7 Tips for Pitching Early-Stage Investors in a Post-COVID World


Remember when you used to get up on a stage and put on a big song-and-dance to wow an audience full of venture capitalists and angel investors?

In our post-pandemic world, those days are long gone.

Even if you’re a first-time entrepreneur or you’ve never attended a live pitch event, you’ve probably heard about the best ways to attract an investor’s attention with your pitch. But chances are those tips were based on the old model, not the new normal.

To attract early-stage investors in today’s environment, you need to adapt your pitch approach to the new ways that investors and founders interact. These 7 tips will help you succeed.

1. Be ready to pitch on Zoom (or similar platforms).

When COVID-19 hit, Silicon Valley had to pivot like any other industry. Overnight, live pitch conferences and networking events were cancelled or postponed. Then once it became clear that the virus wasn’t going away any time soon, those investor events migrated online.

There are still opportunities to meet and pitch VC firms and angel investors for early-stage funding. After all, investors are still in search of high-potential startups that can generate a strong return and founders are still in need of funding to get their ideas off the ground. Those opportunities just take place online now (primarily), using Zoom and similar video conferencing platforms. If you expect to meet investors, you need to be prepared to pitch using these tools.

2. Invest in the right technology infrastructure.

If you’re going to pitch investors online, you need to be confident that your presentation will go smoothly in terms of the mechanics. That demands reliable technology, including:

  • A laptop or other device with good processing power
  • A quality webcam (if the one that came with your device isn’t up to par, consider adding an external webcam)
  • A reliable Internet connection
  • An Ethernet cable for plugging directly into your modem (which creates a more stable Internet connection than wireless)


3. Don’t deliver a monologue; engage in a dialogue.

To connect with the investors whose money you’re looking to attract, hold their attention, and ensure they don’t get distracted by incoming emails and texts, you need a pitch deck that builds in opportunities to interact with them.

One of the advantages of Zoom and similar platforms is they have built-in features for engaging your audience. You can ask investors to answer a poll, reply to you in chat, or use the raised hand icon to ask a question. If you use the chat feature, it helps to have someone else monitor the chat window and alert you when someone posts a comment or question.

If your product is conducive to a demo, that’s a great way to get investors engaged. And no matter what techniques you use, it’s best not to talk for more than 5-7 minutes without stopping to do something or ask something.  

4. Make sure you (and your background) look good.

Just like you’d want to make a good physical impression when meeting investors in person, you should take the same care when presenting online.

Be sure to dress appropriately and professionally (business casual is typical) and find a clean, uncluttered space to set up. If you don’t have a relatively blank wall to position yourself in front of, use a stock background that is unobtrusive and won’t distract attention from you and your presentation. Some presentation experts discourage using blurred backgrounds because they can create an awkward view as you move.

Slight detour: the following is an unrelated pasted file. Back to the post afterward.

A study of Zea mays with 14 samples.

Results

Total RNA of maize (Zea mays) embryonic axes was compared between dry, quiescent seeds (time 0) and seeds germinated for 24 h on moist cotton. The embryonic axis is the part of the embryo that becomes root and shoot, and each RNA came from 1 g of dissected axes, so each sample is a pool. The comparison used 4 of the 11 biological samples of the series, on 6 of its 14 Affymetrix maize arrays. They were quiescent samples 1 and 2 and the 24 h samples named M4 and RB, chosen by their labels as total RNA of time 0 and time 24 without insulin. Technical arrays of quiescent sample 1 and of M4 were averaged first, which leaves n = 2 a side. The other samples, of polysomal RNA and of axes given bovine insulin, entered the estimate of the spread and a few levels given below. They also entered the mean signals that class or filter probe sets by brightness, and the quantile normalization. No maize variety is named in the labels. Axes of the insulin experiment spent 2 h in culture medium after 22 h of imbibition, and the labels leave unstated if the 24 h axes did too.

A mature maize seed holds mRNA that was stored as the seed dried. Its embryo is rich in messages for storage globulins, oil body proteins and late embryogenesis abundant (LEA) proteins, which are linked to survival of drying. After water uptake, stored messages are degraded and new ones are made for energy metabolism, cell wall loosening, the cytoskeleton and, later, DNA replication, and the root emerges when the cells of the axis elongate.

Don’t forget to pay attention to lighting. Natural light is best, and ideally it should be in front of you. If you have no choice but to stand in front of a window, close the blinds to reduce glare.  

5. Rely on your voice instead of gestures.

When you make an investor pitch in person, you can use hand gestures and body language to convey enthusiasm about your idea, but that’s much harder to do online. In this environment, your voice will need to do much of the work. Vary your inflection and tone of voice as you deliver your pitch, to convey energy and to avoid falling into a monotone.   

6. Have a backup plan.

Whenever you rely on technology, it’s wise to have a solid backup plan. That includes having a secondary laptop or other device (in case your primary one crashes) and a backup Internet connection like a hotspot (in case your Internet service provider experiences an outage just as you’re about to start presenting).

7. Practice, practice, practice.

Just as you’d practice a live presentation, always practice your online pitch several times before the big day. Use these dry runs to check that your technology is working, your audio quality is good, your video is streaming smoothly, and you’re comfortable with the flow of your pitch.

Of course, all these tips assume that your product or service offering is well-suited to a post-pandemic world. If your business model is outdated given the new way business is conducted today, your odds of getting funding in a competitive environment will be significantly lower.

Securing early-stage funding for your startup business is a complex undertaking—one that requires expert guidance. That’s why many founders turn to the finance and accounting professionals at Scrubbed!

Scrubbed has deep experience helping founders ensure their financials are in order before they seek early-stage funding. Before you embark on a fundraising effort, contact Scrubbed to learn how we can help.